CHICAGO -- If there is such a thing as a baseball Hollywood script in early May, then the Chicago Cubs have the plot line down: Get off to a bad start -- inviting doubters from all over the game -- then turn things around to the tune of a seven-game winning streak culminating in a three-game sweep of the first-place team.
In pulling that off, the Cubs switched places with the St. Louis Cardinals, and they find themselves on top of the National League Central less than one month after a season-opening 2-7 road trip. The turnaround has been as dramatic as it reads.
"I didn't really anticipate this," manager Joe Maddon said before the Cubs beat the Cardinals 13-5 on Sunday. "I talked about [picking up] one game a week. That's normally how you do it. You don't normally have this quick rebound."
The Cubs just about doubled what Maddon thought was possible, picking up six games in the standings since April 7. How did they do it? This is where Hollywood would want to alter the script. There was no magic formula -- just good, solid baseball.
"Our pitchers have been great," Kris Bryant said. "Our at-bats have been great. Defense. Everything has really been clicking for us. This is the type of baseball that's super fun to be a part of."
Bryant provides a good example of what a stretch of a few bad games means over the course of a long season, for both an individual player and a team. It means little, especially when there's a track record involved, as there is for Bryant and the Cubs. Bryant put the icing on the cake on Sunday, when he hit an eighth-inning grand slam as part of an offensive attack that scored in five of eight innings and saw each starting position player collect at least one hit.
It would be hard to find a player more satisfied with how things are going than Bryant. He started the season slowly, enduring way too much early criticism, but has turned it on of late. Whether the results show or not -- they're starting to -- Bryant has been scorching the ball all over the field.
"I've been feeling really good at the plate," he said. "I feel like I've been hitting the ball so hard."
Bryant credits Maddon with watching old film of his at-bats and noticing a "quieter" hitter, especially during his MVP year in 2016.
"My philosophy of hitting is not to have much movement," Bryant said. "It shows in my swing. It's kind of what I got back to. It's nice to hit the ball hard all over the field."
It's also nice when the pitching can match the hitting. That wasn't the case the first week or so of the season, when the Cubs were walking way too many hitters. That changed after the opening road trip, and if anything has keyed the turnaround, it's a staff that is on fire right now. Since April 8, the Cubs' team ERA is 2.48. The next best in baseball in that time -- the Arizona Diamondbacks -- have a 3.40 mark. Let that sink in. Since the second week of the season, the Cubs are giving up one run fewer per game than the next best pitching staff.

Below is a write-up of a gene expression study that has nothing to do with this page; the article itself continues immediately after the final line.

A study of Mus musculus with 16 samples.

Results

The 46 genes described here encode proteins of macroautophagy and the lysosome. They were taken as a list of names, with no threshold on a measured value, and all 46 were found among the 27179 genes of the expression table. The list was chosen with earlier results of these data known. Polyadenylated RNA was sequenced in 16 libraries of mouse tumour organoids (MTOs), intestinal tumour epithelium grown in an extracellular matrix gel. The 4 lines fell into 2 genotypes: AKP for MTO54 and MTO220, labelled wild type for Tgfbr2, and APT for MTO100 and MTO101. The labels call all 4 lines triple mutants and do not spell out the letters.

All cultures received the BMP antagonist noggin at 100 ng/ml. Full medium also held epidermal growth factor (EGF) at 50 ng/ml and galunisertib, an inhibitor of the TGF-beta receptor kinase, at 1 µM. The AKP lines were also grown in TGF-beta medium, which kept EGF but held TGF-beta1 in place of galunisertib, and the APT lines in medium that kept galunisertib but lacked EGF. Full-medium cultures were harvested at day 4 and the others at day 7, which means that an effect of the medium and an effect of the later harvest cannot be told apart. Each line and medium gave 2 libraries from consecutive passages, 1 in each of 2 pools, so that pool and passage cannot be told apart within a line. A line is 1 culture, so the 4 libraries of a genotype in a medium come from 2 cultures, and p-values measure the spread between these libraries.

"It starts with the starting pitching," Maddon said. "They've permitted us to get on this roll."
Jose Quintana is the definition of a starting pitcher on a roll. The Cubs have won his past five starts while he has compiled a 1.93 ERA, walking a total of five batters. He's just one of a group of pitchers who were maligned early in the season but have helped the team to the top of the standings.
Just like that, the Cubs have their swagger back, a swagger that comes with having the most regular-season wins in baseball over the past four years and earning four trips to the postseason in that time.
"I'd like to believe we have this inner swagger, always," Maddon said. "We're playing the game with a lot of energy. The pitching has set the tone."
Bryant shook his head when asked if he doubted the team even just a little when it started the season 1-6, 2-7 and 3-8.
"That was just kind of a weird start to the year," he said. "We all knew we had talent in here."
That talent has shown up in a big way. Even before the Sunday night win, the Cubs were the first team in 24 seasons to start the year at least five games under .500 and reach six games over by their 30th contest. A 17-5 stretch has put them seven games over .500 and in first place.
"We really turned it around since then," Bryant said. "Any time you can take three from the team that's in first, of course you're going to feel good about it."
As for that swagger Maddon was taking about, he doesn't care how it's described. He's feeling the same thing a huge Sunday night crowd was feeling as it chanted "sweep, sweep, sweep" in the closing moments of the May blockbuster movie entitled "Cubs take over first place."
"I just like the way we are," Maddon said. "However you want to write that, I like the way we are right now."